Seeing that your family has a steady and stable supply of healthy and nutritious food is a fundamental commitment--and mission--of all mothers and fathers around the globe. It's a value, a need and an imperative that crosses cultural, geographic, and gender lines. And today it's a principle that crosses partisan lines in Congress, with the final passage of the Global Food Security Act (H.R. 1567/S. 1252).
The belief that families in vulnerable communities around the globe should not live in hunger or in fear of hunger--a term often referred to as "food security"--has been a core principle in U.S. foreign policy since the 1970s. After decades of declining support for farmers in developing countries, President George W. Bush sparked a renewed U.S. effort to help people feed themselves through creation of the Feed the Future program--the U.S. government's primary global hunger and food security initiative. The Obama administration has continued and built on these efforts.
Often rooted in poverty, lack of sufficient food and nutrition has devastating impacts on families and communities. Numerous studies have found links between food insecurity and chronic diseases in young children. Food aid and emergency food assistance programs are just the fundamental tools that our country uses to address the challenge of food insecurity. Building on that foundation, we support sustainable development initiatives on gender empowerment, local ownership, nutrition-sensitive programming, and market access--to name just a few of the many complementary U.S. efforts.
The Global Food Security Act--a bipartisan bill introduced by Sens. Johnny Isakson (R-GA) and Bob Casey (D-PA) in the Senate and Reps. Chris Smith (R-NJ) and Betty McCollum (D-MN) in the House--is an exciting step forward in building the political will needed to end global hunger and malnutrition. Utilizing new approaches and the knowledge and commitment of a diverse coalition, the act will leverage our country's efforts under a comprehensive government strategy to combat hunger and malnutrition in developing countries. It also promotes country ownership and accountability in the countries where we work, bringing, for example, improvements to monitoring and evaluation so that taxpayer investments are implemented transparently, efficiently, and effectively.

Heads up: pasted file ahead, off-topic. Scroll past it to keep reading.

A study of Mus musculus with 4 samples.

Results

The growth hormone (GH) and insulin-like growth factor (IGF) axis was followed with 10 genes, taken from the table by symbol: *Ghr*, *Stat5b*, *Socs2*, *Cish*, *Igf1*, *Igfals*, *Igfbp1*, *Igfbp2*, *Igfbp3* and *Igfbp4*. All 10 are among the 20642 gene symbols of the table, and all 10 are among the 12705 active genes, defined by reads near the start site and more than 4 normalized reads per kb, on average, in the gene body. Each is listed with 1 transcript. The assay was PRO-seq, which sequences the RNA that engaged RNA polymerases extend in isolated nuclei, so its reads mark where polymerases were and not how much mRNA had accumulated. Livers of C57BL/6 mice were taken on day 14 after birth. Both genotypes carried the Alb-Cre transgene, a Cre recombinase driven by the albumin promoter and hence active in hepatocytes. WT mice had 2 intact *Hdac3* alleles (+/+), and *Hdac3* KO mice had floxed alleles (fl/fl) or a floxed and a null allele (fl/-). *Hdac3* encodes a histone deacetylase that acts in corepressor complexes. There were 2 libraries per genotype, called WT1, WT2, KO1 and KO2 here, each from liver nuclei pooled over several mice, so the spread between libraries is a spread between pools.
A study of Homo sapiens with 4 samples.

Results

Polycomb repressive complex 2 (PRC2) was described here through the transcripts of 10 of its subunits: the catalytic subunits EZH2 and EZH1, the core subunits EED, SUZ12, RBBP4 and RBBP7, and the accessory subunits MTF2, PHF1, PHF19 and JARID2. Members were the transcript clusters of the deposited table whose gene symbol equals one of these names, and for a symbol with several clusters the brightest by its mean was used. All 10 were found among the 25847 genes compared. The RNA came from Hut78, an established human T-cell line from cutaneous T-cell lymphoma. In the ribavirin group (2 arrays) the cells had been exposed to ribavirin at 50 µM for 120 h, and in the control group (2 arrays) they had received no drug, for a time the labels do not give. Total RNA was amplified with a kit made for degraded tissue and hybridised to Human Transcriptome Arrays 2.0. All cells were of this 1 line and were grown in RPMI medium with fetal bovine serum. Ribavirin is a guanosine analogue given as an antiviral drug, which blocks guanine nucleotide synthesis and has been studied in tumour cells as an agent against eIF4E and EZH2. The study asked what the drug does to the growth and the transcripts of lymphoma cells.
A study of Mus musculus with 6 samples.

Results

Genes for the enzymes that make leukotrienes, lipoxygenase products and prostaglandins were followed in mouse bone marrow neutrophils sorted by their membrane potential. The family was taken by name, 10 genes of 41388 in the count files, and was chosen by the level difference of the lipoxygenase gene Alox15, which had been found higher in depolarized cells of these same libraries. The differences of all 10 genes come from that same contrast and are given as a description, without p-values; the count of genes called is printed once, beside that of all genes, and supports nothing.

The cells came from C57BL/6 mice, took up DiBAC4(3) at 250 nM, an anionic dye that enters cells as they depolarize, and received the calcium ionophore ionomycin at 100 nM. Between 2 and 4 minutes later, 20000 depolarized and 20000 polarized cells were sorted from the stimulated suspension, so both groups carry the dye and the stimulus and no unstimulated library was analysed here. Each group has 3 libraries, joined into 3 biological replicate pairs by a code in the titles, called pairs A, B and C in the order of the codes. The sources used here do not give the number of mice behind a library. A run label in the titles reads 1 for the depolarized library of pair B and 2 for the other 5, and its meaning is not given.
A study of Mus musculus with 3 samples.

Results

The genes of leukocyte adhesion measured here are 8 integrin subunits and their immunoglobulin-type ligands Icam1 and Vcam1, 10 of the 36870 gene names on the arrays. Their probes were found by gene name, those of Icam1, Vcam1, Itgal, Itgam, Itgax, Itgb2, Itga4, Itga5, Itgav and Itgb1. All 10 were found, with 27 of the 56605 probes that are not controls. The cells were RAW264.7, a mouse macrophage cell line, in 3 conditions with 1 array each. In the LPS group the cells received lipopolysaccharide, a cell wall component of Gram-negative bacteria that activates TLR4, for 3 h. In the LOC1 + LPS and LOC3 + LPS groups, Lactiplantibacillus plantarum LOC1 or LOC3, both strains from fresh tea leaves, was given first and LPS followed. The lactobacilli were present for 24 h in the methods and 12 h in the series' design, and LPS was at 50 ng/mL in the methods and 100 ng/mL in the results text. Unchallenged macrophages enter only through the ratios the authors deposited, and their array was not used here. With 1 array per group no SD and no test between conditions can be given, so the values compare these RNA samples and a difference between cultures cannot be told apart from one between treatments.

Final passage of the act represents the culmination of years of bipartisan effort on Capitol Hill that has drawn wide support from farmers, chefs, hunger advocates, and development professionals working around the globe. This includes the efforts of countless InterAction members and partners to work with allies on the Hill and in the administration to build the needed policy consensus.
InterAction commends Majority Leader McConnell (R-KY), Minority Leader Reid (D-NV), Speaker Ryan (R-WI) and Minority Leader Pelosi (D-CA) for their bipartisan leadership on this crucial issue. Today's accomplishment also would not have been possible without the efforts of the act's original cosponsors or the leadership of the House Foreign Affairs Committee, the Senate Foreign Relations Committee, and the House and Senate Agriculture Committees.
According to the UN Food and Agriculture Organization, roughly 793 million people were undernourished globally as of 2015. This figure is down 167 million over the last decade. But there is still more work yet to be done.
Today's action by Congress ensures that the United States will continue to play a leadership role in the effort to ensure that families around the globe are hunger free in the decades to come. And InterAction looks forward to continuing its efforts to work with partners in the public and private sector in the fight against global hunger, malnutrition, and extreme poverty.